Using philanthropy to forge strong family and community bonds
Our fund provides us the opportunity to come together and thoughtfully reflect as a family on the giving that we do.
|Nancy Clayton and Brad Collins. Photo: Kathleen Cei|
When New Haven architect Nancy Clayton and her husband, Brad Collins, founding principal of a New Haven-based strategic communications firm, decided to create a donor advised fund at The Community Foundation, they had multiple reasons, and multiple objectives.
For Nancy and Brad, the flexibility offered by a donor advised fund was key.
"Our fund provides us the opportunity to come together and thoughtfully reflect as a family on the giving that we do," says Collins.
"We like that we have the option to recommend grants each year to different nonprofits. And, that as our interests change, we can easily direct grants to different organizations. We also like that we have the staff of The Foundation to turn to if we want information on an issue or an organization."
"Ten years ago, when we created the fund, our children were very young," recalls Clayton. "As they grew older, we used The Great Give® as an opportunity to introduce them to the idea of supporting organizations that did something they thought was important. Each year, our daughters would select a few of the nonprofits that would receive donations. One year, they decided we should give to Columbus House because they knew that one of their preschool teachers —someone they had really liked — had taken a job there. They liked what Columbus House did, but it was the connection to their teacher that mattered most."
Like their daughters, the couple's criteria for giving has matured over the years; and their interests have changed.
"When our children were really young, we focused more on healthcare issues," says Collins. "We had become aware that "little" things often became big obstacles to successfully accessing care, and wanted to have some small impact there. As our daughters grew older, we began to focus more on education and supporting enrichment opportunities."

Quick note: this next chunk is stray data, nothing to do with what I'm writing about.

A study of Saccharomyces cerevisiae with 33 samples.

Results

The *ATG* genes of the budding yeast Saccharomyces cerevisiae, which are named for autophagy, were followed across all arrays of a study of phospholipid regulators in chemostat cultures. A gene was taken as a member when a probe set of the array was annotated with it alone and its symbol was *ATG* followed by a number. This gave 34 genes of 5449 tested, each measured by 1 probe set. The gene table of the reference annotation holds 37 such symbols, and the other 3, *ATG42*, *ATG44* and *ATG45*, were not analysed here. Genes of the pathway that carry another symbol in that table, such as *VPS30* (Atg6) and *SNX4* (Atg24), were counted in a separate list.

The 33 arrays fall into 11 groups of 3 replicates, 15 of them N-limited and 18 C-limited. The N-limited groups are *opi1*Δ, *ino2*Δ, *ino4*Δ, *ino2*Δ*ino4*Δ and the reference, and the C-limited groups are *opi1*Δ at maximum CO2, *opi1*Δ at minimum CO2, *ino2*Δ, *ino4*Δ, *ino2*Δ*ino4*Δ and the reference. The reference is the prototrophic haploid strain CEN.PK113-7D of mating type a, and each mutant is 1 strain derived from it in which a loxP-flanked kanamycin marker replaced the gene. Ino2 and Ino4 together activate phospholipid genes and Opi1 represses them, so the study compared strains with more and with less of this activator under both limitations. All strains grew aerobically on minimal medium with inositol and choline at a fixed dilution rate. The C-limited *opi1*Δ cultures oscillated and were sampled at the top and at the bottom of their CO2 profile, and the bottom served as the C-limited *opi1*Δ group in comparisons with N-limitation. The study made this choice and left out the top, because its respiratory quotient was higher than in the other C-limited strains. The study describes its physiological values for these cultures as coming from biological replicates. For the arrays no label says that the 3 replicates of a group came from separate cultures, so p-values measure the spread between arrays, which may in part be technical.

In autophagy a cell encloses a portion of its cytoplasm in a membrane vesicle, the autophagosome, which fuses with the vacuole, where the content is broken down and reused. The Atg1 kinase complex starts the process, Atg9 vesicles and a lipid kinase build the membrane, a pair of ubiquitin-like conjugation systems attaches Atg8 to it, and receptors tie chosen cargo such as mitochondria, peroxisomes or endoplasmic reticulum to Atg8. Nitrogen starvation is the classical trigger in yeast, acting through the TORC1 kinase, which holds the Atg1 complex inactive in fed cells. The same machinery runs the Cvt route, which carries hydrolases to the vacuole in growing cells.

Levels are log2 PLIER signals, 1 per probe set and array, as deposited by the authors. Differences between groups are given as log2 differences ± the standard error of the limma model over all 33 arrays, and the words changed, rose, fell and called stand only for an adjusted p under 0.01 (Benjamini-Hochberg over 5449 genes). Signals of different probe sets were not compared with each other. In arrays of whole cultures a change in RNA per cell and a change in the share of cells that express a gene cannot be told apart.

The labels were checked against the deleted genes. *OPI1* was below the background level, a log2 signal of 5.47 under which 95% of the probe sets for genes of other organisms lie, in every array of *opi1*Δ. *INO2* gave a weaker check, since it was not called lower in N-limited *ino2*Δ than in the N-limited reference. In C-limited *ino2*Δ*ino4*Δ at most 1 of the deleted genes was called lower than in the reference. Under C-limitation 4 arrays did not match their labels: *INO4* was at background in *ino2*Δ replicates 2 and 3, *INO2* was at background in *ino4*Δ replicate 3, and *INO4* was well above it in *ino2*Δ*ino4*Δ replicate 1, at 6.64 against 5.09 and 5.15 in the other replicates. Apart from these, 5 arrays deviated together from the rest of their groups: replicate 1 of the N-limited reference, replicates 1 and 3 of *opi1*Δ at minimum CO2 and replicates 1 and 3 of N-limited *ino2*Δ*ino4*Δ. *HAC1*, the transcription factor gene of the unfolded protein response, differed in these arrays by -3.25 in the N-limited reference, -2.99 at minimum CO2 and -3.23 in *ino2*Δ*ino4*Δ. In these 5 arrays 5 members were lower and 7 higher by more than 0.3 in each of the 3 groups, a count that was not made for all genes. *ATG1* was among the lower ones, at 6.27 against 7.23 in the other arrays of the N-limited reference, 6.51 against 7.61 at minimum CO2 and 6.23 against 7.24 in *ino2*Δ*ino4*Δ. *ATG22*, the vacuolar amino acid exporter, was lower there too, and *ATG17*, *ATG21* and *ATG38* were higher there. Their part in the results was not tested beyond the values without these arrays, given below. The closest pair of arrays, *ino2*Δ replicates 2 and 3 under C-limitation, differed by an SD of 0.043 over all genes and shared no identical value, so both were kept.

Supporting organizations that offer children hands-on, arts- and play-related activities is important to Clayton. She recalls how inspiring it was when she discovered a passion for art in her youth, which ultimately led to a career in architecture.
"Our children have enjoyed summer camps and school-year classes at Creative Arts Workshop and the Eli Whitney Museum; and we want to help make those same opportunities more available to other families," says Clayton. "We hope that our support helps instill a sense of curiosity and possibility in more children, so they can expand their thinking about what they can choose to be when they grow up."
Though it may be a long way off, the couple looks forward to the day when their daughters, rather than participating in the family's giving decisions, will make the decisions.
"They may want to support the same things, or they may have very different interests and decide to make different kinds of gifts, but it will be something they can do together. We want them to pick things they really care about, and to be passionate about what they support. It doesn't have to be what we're interested in."